In the last few weeks, there has been a significant increase in attacks on civil activists and relevant criminal cases. All of this has the appearance of single-minded repression, the purpose of which, obviously, is to intimidate them as well as those who would potentially wish to stand up for their rights or join the ranks of an organized protest movement. Several weeks ago, criminal proceedings were initiated against Kostiantyn Latsyba and his brother Maksym, activists of the Democratic Alliance organization, which has picketed Mezhyhiria. They have been accused of larceny. Investigators claimed that the brothers’ car, which had been seen near the Yanukovych residents on several occasions, was allegedly seen on the site of two crimes and therefore served as grounds for the initiation of a criminal case. At the same time, according to the brothers, the police did not even comply with legislative procedures. “We did not receive any summons. Investigators phone us, demanding that we come by for a ‘chat’”. Maksym told The Ukrainian Week that “Investigators from various regions tell one and the same story of robberies, as if they had learned it by heart.”


On July 21, Oleh Bohdanov, an activist of the Dorozhniy Kontrol (Road Control) organization, the purpose of which is to fight against violations by road police, was severely beaten. The victim was diagnosed with internal head injuries, concussion, a broken nose and jaw. Literally a couple of hours after the attack on Oleh Bohdanov, another activist of the movement, Fedir Dobritsa, was beaten in Mariupol.

On the eve of the visit to Ukraine of Patriarch Kirill of the Russian Orthodox Church, Viktor Sviatskiy, an ideologist of the Femen women’s movement, was brutally beaten. Hanna Hutsol, one of its leaders, was then beaten, as was a photographer, who happened to be with Femen at that time. They blame this on special service employees who, according to them, have long shadowed the movement’s members, and beat them to hamper Femen’s protest against Kirill’s visit.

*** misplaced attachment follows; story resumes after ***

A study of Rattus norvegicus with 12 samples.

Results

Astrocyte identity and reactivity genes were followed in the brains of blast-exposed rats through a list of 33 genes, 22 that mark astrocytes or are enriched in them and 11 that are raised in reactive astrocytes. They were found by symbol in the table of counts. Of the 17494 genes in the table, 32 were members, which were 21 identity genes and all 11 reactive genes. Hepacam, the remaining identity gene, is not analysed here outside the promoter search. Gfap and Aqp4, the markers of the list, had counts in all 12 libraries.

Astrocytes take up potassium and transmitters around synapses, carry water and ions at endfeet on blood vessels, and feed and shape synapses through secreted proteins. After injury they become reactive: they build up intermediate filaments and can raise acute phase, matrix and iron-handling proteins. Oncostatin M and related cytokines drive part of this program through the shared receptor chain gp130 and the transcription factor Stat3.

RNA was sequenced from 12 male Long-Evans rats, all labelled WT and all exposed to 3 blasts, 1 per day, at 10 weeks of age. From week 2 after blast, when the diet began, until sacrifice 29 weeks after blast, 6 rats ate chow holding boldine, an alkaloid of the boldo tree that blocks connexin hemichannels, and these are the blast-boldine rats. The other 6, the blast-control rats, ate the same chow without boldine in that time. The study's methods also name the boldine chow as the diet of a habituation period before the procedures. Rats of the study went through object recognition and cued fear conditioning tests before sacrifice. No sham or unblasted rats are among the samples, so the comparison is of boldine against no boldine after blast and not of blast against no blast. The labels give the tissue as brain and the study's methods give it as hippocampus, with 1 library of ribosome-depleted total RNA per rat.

Of course, law enforcement officers and the SBU (Security Service) reject accusations of the beating of activists. There is also no evidence of the involvement of highly placed law enforcement officials in the May attacks against participants in civil protests. At that time, “athletes” beat up the head of the Solomianskiy District Svoboda youth organization, Volodymyr Nazarenko, non-party activist Yevhen Matsko and Yevhen, the brother of Svoboda member Volodymyr  Karas. “Did you have enough protests?” attackers asked the latter.

Psychological pressure and intimidation of activists’ family members is taking place, with the latter being dismissed from work. Bohdan Tytskiy, a Black Committee activist from Kyiv, stated that during the night, unknown persons used his mobile phone to send a message to his mother, saying: “Don’t hold anything against me and don’t blame anyone for my death. I have serious problems.” Toma Shevchuk, a young artist who protected Hostynny Dvir in Kyiv from destruction and participated in a protest against police self-will, came across a similar situation. On the evening of July 25 the girl’s mother was phoned from an undetermined telephone by unknown persons, saying that heavy decorations had fallen on her daughter at work. They recommended for her to go to the hospital to say her final farewells to her daughter.


Information on different methods of intimidation against activists comes largely from Kyiv and south-eastern oblasts. 

The increase in the number of reported repressions and the widening of their geography could signal that representatives of local authorities and law enforcement agencies have received orders to control protest movements. However, the experience of rebellious populated areas (Semypolky in Kyiv Oblast, where a local tyrannical police officer was killed, Vradiyivka in Mykolayiv Oblast, etc.) shows that counting on force to quash protest dispositions without resolving the reasons that have caused them, merely increases the overall tension between the government and society, thus preparing the ground for a wider-scale social explosion, should relevant grounds emerge.